Women who have an abortion or miscarriage are at no greater risk of developing breast cancer, says a study in The Lancet.
Abortion and miscarriage do not affect a woman's chances of developing breast cancer
In the largest study of its kind, researchers at the University of Oxford analysed data from 53 studies, looking at 83,000 women with breast cancer.
Previous studies have suggested an abortion can increase the risk of developing breast cancer later in life.
But researchers say these studies used unreliable data and research methods.
The latest research backs a Swedish study published earlier this year that found women who had an abortion were no more likely to develop breast cancer.
Giving birth to a child at full-term is known to reduce the risk of breast cancer.
Although scientists are unsure why, it is suggested that the hormones triggered by pregnancy may have a protective effect.
But some have questioned whether women who terminate a pregnancy could lose this 'protection', putting themselves at a higher risk of developing breast cancer.
Professor Joel Brind, from the City University of New York, said earlier this year that most research indicates this to be the case.
He said 29 out of 40 studies from around the world analysed by his research team showed women who terminated a pregnancy were at higher risk of breast cancer.
However Professor Sir Richard Peto, from the Cancer Research UK Epidemiology Unit in Oxford, said: "Some previous reviews on abortion and breast cancer have reached mistaken conclusions because they mixed together data from reliable and unreliable types of study.
"This is the first time that so much information has been brought together and the findings are more reliable than ever before."
Professor Valerie Beral and colleagues found out of the 83,000 women, only 44,000 had predicated in reliable studies.
They were asked before they were diagnosed with cancer to tell researchers whether or not they had an abortion or miscarriage.
Results from these women showed that for those who had miscarried there was no increased risk of breast cancer compared to the general population.
The risk was actually slightly lower among those who had an abortion.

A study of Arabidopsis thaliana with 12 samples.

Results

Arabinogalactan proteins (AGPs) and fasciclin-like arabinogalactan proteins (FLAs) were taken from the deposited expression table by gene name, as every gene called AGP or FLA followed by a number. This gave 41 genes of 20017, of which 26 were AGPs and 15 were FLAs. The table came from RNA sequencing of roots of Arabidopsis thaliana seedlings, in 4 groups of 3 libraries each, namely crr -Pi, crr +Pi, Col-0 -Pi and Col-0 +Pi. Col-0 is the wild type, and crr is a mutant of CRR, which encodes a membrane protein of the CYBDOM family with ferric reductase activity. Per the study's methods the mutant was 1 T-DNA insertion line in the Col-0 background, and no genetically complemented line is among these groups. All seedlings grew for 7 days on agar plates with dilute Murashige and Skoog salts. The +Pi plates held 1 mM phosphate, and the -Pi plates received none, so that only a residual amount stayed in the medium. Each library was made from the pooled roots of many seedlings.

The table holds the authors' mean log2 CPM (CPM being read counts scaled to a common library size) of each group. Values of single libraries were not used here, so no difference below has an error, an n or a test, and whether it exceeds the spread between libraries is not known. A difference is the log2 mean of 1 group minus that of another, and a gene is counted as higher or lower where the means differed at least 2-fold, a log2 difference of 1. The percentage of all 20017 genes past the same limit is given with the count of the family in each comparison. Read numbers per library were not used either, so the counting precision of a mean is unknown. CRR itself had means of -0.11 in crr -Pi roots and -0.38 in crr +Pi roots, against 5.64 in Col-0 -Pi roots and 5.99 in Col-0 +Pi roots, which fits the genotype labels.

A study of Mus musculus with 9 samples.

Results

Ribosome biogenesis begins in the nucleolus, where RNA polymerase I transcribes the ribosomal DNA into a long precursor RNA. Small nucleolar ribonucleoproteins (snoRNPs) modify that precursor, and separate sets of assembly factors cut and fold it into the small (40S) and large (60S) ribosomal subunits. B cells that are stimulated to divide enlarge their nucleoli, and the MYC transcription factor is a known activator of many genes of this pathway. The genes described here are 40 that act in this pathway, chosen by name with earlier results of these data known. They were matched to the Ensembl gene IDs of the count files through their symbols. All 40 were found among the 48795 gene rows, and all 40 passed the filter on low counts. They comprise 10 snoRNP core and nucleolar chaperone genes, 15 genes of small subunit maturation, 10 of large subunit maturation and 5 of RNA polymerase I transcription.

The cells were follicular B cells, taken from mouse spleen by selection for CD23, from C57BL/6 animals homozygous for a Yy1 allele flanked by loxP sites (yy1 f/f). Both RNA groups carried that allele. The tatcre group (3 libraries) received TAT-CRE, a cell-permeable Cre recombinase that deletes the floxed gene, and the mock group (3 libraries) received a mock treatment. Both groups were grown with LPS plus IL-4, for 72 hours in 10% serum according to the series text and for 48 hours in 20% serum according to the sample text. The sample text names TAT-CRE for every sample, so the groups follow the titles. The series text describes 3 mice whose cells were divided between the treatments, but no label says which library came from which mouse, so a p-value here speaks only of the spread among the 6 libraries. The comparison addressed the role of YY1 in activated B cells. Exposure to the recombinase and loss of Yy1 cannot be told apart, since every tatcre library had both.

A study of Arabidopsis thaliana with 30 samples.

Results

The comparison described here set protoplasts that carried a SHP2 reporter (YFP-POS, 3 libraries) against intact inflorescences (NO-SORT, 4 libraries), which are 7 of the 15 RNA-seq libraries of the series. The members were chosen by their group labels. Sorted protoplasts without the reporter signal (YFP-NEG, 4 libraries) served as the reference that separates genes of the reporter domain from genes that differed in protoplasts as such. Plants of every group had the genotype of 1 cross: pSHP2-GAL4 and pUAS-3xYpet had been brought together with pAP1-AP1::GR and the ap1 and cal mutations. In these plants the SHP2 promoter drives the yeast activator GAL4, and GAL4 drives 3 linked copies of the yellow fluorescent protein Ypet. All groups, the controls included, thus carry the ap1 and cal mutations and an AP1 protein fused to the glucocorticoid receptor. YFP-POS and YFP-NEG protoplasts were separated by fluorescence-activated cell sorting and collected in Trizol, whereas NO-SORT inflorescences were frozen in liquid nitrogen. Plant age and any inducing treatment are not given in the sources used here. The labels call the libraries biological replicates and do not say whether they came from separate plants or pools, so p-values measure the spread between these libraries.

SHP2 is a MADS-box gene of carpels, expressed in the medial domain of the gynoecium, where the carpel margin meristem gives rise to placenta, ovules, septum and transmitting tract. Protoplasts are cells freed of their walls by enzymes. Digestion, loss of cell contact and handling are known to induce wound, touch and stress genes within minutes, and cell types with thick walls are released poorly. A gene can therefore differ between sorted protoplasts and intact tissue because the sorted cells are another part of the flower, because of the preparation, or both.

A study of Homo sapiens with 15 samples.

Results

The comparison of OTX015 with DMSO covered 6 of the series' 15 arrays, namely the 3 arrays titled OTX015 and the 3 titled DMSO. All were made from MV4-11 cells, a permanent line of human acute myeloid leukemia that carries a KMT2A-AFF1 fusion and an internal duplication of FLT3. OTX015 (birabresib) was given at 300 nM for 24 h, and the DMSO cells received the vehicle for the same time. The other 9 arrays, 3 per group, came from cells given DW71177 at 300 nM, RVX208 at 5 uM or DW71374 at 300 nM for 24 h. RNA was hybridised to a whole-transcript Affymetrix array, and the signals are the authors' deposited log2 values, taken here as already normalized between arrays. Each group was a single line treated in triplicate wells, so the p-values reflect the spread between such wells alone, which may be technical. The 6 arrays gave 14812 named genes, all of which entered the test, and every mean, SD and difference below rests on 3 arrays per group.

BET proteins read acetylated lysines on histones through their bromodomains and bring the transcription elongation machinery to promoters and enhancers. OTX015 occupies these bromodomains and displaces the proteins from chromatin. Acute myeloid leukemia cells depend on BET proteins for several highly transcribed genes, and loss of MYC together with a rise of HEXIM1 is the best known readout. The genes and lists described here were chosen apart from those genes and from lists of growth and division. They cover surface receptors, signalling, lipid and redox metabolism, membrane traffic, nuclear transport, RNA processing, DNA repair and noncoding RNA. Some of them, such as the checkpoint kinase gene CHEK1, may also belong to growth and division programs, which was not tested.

Professor Beral told BBC News Online: "The results should make it clear that studies which are properly designed show pregnancies that end in abortion don't increase the risk of breast cancer."
She said previous studies have never been based on any biological evidence.
Delyth Morgan, chief executive of Breakthrough Breast Cancer, said: "We hope that this research will put a stop, once and for all, to the persistent claims that abortion is a risk factor for the disease and give reassurance to women."
She said concerns about breast cancer should not influence a woman's decision whether or not to have an abortion.
Ann Furedi, chief executive of the British Pregnancy Advisory Service, an abortion provider, said: "The incorrect claims of links between abortion and breast cancer... have caused unnecessary anxiety to women with unwanted pregnancies and unnecessary distress to former abortion patients who have coincidently been diagnosed with breast cancer later in life."
LIFE chairman Professor Jack Scarisbrick said it is misleading of BPAS to claim this study resolves the issue.
"Almost every study into breast cancer cites high levels of oestrogen as a big part of the answer," he said.
"Never is oestrogen at such high levels as in early pregnancy when it increases by 2000% and triggers the multiplication of breast cells.
"If the pregnancy is artificially cut short as in induced abortion, these cells are left highly vulnerable to carcinogens."